Temporary hospital NHS Louisa Jordan to close at end of March
The NHS Louisa Jordan emergency hospital in Glasgow will close at the end of March.
The temporary facility at the Scottish Event Campus was set up to support Scotland's response to the coronavirus pandemic, with construction completed in April of last year.
In the end, the hospital named after a First World War nurse was not required for treating COVID-19 patients, but the Scottish Government said it played a "crucial role" in the remobilisation of the NHS from July.
It was used to deliver the vaccination programme, but this will now resume at the SSE Hydro next door. Staff will either support the programme there or return to their own health boards.
Meanwhile, the SEC will be returned to a working events and conference centre, as it prepares to host COP26 in November.
By 31 March, staff at the hospital will have carried out more than 32,000 outpatient and diagnostic appointments, trained over 6,900 healthcare staff and students and vaccinated approximately 175,000 people across the Greater Glasgow and Clyde area.
Once relocated to the Hydro, the centre will continue to run daily clinics with the ability to administer a minimum of 4,000 vaccinations each day, with capacity to scale up to 10,000.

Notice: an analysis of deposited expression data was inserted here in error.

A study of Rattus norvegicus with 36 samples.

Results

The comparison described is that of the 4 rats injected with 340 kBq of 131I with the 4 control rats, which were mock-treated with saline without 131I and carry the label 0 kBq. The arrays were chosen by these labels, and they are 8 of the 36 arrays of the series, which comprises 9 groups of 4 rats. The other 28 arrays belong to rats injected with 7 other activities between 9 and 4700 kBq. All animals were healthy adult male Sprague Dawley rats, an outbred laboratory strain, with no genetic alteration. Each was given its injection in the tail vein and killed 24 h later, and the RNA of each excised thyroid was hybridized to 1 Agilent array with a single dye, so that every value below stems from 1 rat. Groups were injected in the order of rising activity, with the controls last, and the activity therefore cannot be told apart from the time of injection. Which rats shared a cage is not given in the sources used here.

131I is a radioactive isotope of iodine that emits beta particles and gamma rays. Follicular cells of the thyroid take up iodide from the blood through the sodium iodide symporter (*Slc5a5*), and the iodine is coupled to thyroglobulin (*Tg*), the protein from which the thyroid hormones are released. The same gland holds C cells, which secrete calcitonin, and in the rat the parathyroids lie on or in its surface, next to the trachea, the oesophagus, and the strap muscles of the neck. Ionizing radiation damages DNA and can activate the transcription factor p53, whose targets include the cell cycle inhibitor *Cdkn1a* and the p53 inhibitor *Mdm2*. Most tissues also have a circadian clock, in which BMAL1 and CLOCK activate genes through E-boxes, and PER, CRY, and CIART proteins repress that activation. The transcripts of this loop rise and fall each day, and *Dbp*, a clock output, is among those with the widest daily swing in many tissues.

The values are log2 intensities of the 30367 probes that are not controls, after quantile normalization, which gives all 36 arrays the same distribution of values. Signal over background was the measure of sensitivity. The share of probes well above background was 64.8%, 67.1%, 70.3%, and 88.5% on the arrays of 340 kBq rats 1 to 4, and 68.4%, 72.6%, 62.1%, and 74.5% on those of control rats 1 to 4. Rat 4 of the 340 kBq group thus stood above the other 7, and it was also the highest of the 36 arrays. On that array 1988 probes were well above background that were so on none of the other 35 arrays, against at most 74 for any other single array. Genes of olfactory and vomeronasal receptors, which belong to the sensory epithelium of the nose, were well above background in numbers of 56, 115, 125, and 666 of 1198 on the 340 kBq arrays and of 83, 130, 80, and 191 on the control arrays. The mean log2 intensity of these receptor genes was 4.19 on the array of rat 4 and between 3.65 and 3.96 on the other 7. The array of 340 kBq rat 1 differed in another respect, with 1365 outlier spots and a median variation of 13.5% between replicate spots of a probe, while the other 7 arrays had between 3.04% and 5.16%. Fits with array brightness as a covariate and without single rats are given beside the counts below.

Health secretary Jeane Freeman said: "We said from the start that this facility has a vital part of our COVID-19 contingency planning, but we hoped it would not be needed to treat COVID patients.
"Thanks to the continued efforts of the public, we have been able to maintain capacity in our hospitals across the country and use this facility to remobilise health services and treat patients whose healthcare had to be cancelled last year due to COVID.
"As we work our way through the JCVI vaccination priority list and begin to vaccinate more people across the country, we have secured use of the Hydro, located in the Scottish Event Campus, to ensure we can continue to vaccinate people as quickly as supplies allow.
"I want to repeat my thanks to all of our NHS staff working to protect and treat those of us who need it and to everyone who is complying with the necessary restrictions in place.
“It is because of that continued support that we are able to move forward and see light at the end of the tunnel.”